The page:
I’m fed up with people who don’t know what they are talking about jumping on band wagons because it suits their purposes.
Question Time (BBC) over the past few weeks has seen a whole load of people calling for a referendum on the new European ‘constitution’. It is painfully obvious that the vast majority of these people have never read the proposed document, know very little about it or its implications but because the newpaper they read has decided it’s a bad thing then they agree.
The same has happened with Archbishop Rowan Williams and his comments on faith and the law. It has been widely reported that Williams called for the introduction of sharia law in the UK. Let’s just think about that for a moment. The Archbishop of Canterbury thinks we should be governed by Islamic law. Really? Of course that’s not what he said and anyone who has half a brain and who actually listened to what he said knows that’s not what he said! But why should the facts get on the way of an intelligent man making some thoughtful remarks on the biggest issue of our time?
And before you think I’m a big fan, I’m not really. I think he is a brilliant thinker but I’d prefer him to be a bit more decisive as a leader. That said, I’d rather have a thinker than a reactionary in his role.
The other day Williams suggested that Muslims should perhaps (do you see the important word here… perhaps – he’s encouraging people to discuss the idea) be able to use certain parts (not chopping people’s hands off for theft, although I’m not sure the Daily Mail would have that much of an issue with this) of sharia law to settle disputes like divorce, inheritance and other family problems where Islamic law is not at odds with civil law. These decisions would then be ratified by a civil court. His reason? Some people, of all faiths, feel that God is a higher authority than the civil court. Again, anyone want to disagree that some people, Christian, Muslim or Jew , think that? Why should these people not be able to settle their legal disputes using their religious frameworks as long as they are not in conflict with the civil law?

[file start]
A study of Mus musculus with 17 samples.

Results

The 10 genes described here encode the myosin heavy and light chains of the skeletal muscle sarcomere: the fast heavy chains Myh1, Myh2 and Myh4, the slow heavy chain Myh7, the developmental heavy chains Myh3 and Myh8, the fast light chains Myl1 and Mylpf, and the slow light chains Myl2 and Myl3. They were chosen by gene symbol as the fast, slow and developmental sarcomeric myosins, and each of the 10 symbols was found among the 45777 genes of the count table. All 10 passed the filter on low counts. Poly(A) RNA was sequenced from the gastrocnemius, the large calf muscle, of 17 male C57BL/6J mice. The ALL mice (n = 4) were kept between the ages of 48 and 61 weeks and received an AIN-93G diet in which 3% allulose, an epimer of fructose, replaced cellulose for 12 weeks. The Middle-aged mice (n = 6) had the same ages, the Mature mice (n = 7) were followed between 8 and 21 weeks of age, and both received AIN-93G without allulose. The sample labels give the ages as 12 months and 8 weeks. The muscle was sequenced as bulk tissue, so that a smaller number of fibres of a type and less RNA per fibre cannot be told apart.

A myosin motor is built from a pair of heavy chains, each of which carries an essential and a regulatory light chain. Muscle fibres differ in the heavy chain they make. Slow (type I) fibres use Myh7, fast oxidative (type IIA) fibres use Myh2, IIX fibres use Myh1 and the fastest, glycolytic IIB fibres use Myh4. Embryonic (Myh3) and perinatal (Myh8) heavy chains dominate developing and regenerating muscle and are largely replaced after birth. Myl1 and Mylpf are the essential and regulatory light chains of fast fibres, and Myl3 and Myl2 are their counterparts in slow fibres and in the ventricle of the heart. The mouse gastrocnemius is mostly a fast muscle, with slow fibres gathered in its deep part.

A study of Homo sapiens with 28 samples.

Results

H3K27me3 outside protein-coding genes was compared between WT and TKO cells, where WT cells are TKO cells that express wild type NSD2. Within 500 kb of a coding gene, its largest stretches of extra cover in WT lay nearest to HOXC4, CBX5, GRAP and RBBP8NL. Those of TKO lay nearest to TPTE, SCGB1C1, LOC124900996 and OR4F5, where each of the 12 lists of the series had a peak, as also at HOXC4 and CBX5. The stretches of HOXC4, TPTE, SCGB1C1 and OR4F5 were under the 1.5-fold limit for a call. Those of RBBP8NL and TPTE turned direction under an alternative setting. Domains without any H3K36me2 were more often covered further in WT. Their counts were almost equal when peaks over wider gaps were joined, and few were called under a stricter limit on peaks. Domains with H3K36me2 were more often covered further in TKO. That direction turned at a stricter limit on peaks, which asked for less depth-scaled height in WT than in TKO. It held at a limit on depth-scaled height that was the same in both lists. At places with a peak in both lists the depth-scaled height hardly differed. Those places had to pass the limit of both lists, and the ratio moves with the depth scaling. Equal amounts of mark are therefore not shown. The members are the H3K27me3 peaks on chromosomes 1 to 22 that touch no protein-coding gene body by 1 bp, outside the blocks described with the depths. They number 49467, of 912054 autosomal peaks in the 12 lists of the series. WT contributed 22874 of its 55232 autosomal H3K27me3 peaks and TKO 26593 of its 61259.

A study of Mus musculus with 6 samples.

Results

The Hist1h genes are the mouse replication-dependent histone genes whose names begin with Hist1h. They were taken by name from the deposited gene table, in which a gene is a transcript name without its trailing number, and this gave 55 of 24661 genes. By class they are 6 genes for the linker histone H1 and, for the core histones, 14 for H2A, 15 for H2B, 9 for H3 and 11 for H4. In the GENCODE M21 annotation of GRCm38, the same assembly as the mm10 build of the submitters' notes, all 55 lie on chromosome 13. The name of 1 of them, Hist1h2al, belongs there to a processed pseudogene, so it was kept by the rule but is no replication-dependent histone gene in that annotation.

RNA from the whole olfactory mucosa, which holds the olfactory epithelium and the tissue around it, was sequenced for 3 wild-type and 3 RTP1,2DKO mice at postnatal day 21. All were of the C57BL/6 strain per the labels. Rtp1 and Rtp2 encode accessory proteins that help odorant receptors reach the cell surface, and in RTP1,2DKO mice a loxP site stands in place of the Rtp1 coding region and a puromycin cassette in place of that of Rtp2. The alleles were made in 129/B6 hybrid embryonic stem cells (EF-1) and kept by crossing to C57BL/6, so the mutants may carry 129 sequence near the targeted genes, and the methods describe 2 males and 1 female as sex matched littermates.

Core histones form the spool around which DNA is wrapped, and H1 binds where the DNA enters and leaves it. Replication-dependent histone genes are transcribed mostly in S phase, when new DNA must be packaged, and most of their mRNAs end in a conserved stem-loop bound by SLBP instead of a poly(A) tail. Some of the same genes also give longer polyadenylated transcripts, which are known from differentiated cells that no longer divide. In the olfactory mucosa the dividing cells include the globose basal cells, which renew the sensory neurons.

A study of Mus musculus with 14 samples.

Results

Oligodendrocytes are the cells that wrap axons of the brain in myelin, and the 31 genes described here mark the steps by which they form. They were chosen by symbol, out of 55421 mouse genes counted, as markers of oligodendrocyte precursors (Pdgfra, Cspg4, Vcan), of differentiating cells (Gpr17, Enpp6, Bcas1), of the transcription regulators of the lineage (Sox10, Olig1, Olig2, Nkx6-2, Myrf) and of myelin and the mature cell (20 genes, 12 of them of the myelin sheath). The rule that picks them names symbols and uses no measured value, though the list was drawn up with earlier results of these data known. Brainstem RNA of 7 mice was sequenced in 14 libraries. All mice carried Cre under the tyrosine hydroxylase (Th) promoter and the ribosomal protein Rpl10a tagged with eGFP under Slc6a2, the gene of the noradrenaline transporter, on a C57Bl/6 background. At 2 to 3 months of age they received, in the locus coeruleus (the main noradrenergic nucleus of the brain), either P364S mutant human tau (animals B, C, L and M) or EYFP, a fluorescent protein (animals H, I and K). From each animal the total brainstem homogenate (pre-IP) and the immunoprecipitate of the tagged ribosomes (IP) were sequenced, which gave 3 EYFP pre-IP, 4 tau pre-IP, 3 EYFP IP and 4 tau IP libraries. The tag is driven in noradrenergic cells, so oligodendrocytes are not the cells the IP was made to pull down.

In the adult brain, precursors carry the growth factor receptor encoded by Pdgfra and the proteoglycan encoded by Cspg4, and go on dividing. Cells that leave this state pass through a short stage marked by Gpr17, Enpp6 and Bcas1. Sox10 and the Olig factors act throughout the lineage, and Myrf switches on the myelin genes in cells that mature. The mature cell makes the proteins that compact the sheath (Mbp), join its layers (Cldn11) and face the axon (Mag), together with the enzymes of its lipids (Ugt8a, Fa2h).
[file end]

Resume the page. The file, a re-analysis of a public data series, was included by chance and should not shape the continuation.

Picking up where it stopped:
This is the same principle as DIY divorce, or even mediated divorce. You sit down with a third party, work out who gets what and then the court ratifies that decision as long as both parties are happy with the arbitration. If not, the court decides in the usual fashion.
Can anyone tell me what’s wrong with that? No, thought not. But it makes a good story… as long as the facts don’t get in the way.